Should I remove plaster and lathe or can I just remove plaster?

by Cherilynne
I have an 1882 Balloon construction house that has some pretty extensive plaster falling off of the lath. I know that the lath actually adds to the wall stability, and I know that the outside walls were sheathed with 1" boards running diagonally up the sides of the house. Would I be better to remove the plaster, leaving the lath and put up dry wall over all of that? Or should I remove both and then drywall? Or should I consider the lengthy option of using plaster washers and trying to repair it where I can? One spot is nearly 4' x 3' of exposed lath. It's on a sloped upstairs ceiling and I know It can't use the patching option. Many of the other places in the house might though. I also would like to do this myself as much as possible. This is NOT a historical rebuild, it's a we need to live in something that doesn't scream "ghetto".

  3 answers
  • Norris720 Norris720 on Jun 26, 2017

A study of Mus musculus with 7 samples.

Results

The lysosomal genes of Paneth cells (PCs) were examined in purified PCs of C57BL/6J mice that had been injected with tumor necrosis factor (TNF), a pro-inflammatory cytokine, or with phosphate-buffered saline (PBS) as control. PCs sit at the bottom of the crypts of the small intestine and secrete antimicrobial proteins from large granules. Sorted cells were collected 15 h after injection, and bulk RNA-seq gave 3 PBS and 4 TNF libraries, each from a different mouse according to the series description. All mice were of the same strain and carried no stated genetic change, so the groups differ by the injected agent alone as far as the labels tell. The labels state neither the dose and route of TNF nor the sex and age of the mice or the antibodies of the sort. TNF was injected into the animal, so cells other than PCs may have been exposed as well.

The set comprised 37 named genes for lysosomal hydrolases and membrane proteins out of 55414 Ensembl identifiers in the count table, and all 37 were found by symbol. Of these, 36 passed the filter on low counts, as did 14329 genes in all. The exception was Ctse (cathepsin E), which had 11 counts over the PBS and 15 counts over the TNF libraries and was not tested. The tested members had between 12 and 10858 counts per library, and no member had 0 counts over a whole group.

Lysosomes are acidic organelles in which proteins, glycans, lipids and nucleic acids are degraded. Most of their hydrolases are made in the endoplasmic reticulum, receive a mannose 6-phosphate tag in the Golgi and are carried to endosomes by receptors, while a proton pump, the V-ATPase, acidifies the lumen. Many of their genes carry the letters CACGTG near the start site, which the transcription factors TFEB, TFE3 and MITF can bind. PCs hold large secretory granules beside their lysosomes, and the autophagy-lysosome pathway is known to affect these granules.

CherilynneHometalker - For your remodel, drywall will be your best opinion for repair. To repair plaster is a labor intense process not for a D.I.Y. because you do not want it to look,,"Ghetto." For Lavish plaster repair you will need a Professional.

  • Helene Elbein Helene Elbein on Jun 26, 2017

    I've lived in historic homes too! There's not really a "rule" about what to do. I'll give you my pros vs. cons : your really beyond the patch phase, especially if you've got large sections that have released. More will just continue to release with each seasonal temperature change. If the lathe is wood ( in 1880, probably), it will split and break as you attempt to remove the plaster layer. Some remodeler (on the cheap!) used to drywall over the lath, but then your wall thickness changes and all your mouldings need to be removed. Also, new drywall is soooooo much easier to work with. Your job will actually be easier over the long haul ( think wiring, lights, switches, hanging pictures, etc.). Yes, it's a huge mess doing the demo. But, it's worth it. Just remove lathing up to corners or moldings. Use a reciprocating saw to get clean edges at the top of baseboards, etc.

    Wear masks and googles and use heavy duty drop clothes to contain the mess. You can do it! At least the demo! Don't attack it like warfare...think of it more like surgery 👍🏻

  • William William on Jun 26, 2017

    I agree with Helene. Remove both. Some of the lath may be warped and uneven. The plaster is smooth on the surface but the lath may not be level, plumb, and bulged. Cover doorways, vents, openings with plastic sheathing.